Legal Mobility 2016: Five Predictions

Posted by Gaby Isturiz on Jan 12, 2016 2:01:18 PM


Legal Mobility

Are “predictions” posts, which are immensely popular this time of year,  “pointless,” as The Lawyerist recently pointed out? They certainly can be! As The Lawyerist pointed out, this time of year is filled with posts attempting to predict what is to come in the legal industry over the coming year, and many times it sets the expectation that there will be a monumental or explosive shift, rather than a gradual change over time. We can’t disagree with that. Our industry, after all, is typically slow to change and adopt the new, particularly when it comes to technology. However, the gradual changes that have occurred over the past several years have led us to an interesting moment in legal technology history. Therefore, since we can’t resist a good “predictions” post of our own, we’ll focus on the key technologies, ideas or behaviors that will either be introduced or come into their own in the coming year. 

#1: Mobility will become one of the greatest complexities faced by the modern law firm.

Along with increases in efficiency and convenience brought about by mobility, there are also several challenges, or things that firm administrators need to “figure out.” For example, just as firms have come to terms with BYOD and how it works for their firms, wearables are now becoming commonplace. In 2016 BYOW will need to be addressed by law firms, along with end user support for mobile devices and applications, security and other concerns.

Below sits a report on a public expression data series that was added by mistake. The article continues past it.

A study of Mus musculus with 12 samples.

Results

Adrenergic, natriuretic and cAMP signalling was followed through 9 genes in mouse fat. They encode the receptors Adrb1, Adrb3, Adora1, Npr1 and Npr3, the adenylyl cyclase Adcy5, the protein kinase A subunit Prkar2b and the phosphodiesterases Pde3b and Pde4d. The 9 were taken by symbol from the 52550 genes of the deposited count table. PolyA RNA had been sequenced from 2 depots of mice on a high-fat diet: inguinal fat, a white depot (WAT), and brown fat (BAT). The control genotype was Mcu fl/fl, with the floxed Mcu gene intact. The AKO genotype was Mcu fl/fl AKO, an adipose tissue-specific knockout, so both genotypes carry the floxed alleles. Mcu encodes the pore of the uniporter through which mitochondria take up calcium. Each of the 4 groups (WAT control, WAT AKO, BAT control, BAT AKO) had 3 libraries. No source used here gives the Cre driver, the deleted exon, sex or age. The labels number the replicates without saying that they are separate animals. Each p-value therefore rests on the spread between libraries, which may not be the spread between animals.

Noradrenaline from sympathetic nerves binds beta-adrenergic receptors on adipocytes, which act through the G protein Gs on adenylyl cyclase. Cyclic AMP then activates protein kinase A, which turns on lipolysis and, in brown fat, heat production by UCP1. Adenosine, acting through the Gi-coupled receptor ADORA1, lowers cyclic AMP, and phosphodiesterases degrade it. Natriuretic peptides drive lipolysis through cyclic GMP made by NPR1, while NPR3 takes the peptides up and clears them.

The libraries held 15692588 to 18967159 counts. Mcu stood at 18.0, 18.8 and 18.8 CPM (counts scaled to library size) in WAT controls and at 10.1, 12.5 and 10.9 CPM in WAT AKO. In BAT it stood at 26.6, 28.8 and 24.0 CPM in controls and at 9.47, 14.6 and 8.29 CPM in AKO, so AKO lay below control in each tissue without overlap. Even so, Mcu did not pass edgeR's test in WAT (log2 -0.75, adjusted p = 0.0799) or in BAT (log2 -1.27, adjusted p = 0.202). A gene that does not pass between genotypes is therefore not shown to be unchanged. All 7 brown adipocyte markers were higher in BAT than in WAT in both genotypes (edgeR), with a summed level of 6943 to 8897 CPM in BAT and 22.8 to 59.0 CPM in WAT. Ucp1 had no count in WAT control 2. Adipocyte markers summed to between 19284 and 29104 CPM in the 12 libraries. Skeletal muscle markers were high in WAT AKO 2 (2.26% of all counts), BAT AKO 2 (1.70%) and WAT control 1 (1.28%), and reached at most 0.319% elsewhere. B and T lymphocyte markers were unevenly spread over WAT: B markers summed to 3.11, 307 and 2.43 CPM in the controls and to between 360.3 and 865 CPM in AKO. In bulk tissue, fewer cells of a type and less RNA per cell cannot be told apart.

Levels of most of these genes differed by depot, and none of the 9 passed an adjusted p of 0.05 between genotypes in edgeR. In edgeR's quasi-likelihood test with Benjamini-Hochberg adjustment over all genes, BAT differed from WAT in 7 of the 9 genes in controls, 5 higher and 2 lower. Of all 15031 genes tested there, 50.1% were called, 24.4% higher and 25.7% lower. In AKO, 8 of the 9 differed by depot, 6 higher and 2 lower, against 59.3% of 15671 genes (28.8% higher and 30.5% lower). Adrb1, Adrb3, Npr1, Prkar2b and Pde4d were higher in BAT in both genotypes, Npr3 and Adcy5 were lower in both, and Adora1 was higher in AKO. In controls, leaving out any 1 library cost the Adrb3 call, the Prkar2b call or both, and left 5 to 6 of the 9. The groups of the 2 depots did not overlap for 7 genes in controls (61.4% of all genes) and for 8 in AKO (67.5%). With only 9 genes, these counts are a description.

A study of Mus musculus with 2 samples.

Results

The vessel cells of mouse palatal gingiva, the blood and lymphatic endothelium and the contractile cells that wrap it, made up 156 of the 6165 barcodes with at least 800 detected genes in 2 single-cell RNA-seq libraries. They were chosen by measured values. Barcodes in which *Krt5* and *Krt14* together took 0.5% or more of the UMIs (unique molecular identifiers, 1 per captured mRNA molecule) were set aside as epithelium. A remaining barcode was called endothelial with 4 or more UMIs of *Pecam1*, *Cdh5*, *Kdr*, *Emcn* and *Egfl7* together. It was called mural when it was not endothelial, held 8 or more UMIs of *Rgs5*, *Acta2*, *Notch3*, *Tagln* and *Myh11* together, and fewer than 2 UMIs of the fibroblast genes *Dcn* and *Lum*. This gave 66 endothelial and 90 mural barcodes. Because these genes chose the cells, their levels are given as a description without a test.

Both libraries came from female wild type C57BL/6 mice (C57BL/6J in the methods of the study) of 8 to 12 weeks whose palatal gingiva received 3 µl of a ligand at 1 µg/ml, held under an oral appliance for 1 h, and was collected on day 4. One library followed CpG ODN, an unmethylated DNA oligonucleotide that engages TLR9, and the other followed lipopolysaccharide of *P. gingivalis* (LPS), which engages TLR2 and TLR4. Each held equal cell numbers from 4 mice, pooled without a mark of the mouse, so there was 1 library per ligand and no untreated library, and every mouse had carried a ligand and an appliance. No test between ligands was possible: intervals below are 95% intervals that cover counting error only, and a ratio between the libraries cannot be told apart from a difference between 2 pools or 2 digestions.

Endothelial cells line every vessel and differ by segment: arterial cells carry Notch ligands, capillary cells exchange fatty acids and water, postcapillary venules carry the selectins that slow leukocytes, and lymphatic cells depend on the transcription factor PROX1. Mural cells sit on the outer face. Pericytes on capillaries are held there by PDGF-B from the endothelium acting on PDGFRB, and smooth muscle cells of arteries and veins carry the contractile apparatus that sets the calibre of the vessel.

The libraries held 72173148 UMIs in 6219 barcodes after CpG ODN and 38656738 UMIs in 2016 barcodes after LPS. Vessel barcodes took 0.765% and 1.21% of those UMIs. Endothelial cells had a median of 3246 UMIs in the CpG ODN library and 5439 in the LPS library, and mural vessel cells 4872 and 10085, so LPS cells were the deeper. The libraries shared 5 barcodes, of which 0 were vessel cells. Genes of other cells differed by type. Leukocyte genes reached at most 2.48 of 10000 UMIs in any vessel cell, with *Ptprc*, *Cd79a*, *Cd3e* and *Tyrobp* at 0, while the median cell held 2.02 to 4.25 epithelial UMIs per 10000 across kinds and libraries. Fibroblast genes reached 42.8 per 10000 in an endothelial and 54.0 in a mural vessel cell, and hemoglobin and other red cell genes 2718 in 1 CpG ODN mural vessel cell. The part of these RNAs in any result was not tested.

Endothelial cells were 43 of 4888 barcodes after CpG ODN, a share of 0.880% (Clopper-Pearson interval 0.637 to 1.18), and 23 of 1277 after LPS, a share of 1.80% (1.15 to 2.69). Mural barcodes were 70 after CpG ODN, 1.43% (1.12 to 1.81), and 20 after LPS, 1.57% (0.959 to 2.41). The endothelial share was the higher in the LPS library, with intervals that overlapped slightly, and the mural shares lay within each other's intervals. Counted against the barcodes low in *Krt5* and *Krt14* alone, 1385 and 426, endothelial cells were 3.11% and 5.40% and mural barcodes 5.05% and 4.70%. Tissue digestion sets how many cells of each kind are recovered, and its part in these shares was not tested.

#2: Welcome Wearables. We’ll begin to see the end of the smartphone, if we’re paying attention.

As hard as it might be to imagine, several experts are predicting that we have entered the “beginning of the end” for the smartphone. Innovations in artificial intelligence and wearables are continuing to gain popularity among attorneys and legal professionals. We’re certainly not suggesting that attorneys won’t be using smartphones in the near future, but rather that other technologies will gradually replace key functions carried out on the smartphone today. We saw similar trends happening when the iPad came out and the effect it had on laptops.

 

#3: Law Firms will embrace Software as a Service (SaaS) and True Mobility.

Due to the complexities and increased reliance on mobility, firms will approach mobility with a greater level of sophistication. Policies at firms will address engagement, wearables (BYOW) and complete integration across a firm’s systems and processes in order to achieve True Mobility. In addition, firms will continue to rely on the SaaS model in order to deploy the right solutions to their attorneys in a scalable and safe manner.

 

#4: More attorneys than ever before will enter their own time contemporaneously, increasing engagement with mobile time entry apps.

By the end of 2015, more attorneys than ever before were entering their own time via their mobile devices, rather than conducting reconstructive time entry with the help of legal assistants. This is great news for law firms looking to increase the accuracy of time entries and practicing real-time compliance.

 

#5: Data driven by mobile usage will empower firms to make smarter decisions, faster.

The availability of real-time analytics and compliance data will make time and billing data more accessible to legal administrators than ever before, meaning that accuracy, time leakage and its contribution to revenue can be easily measured. This allows administrators to create better projections and identify bad news early.


Will any of these things feel “big” or “important” as they are happening? That’s for time to tell. In the meantime, share your thoughts and opinions in the comments section below.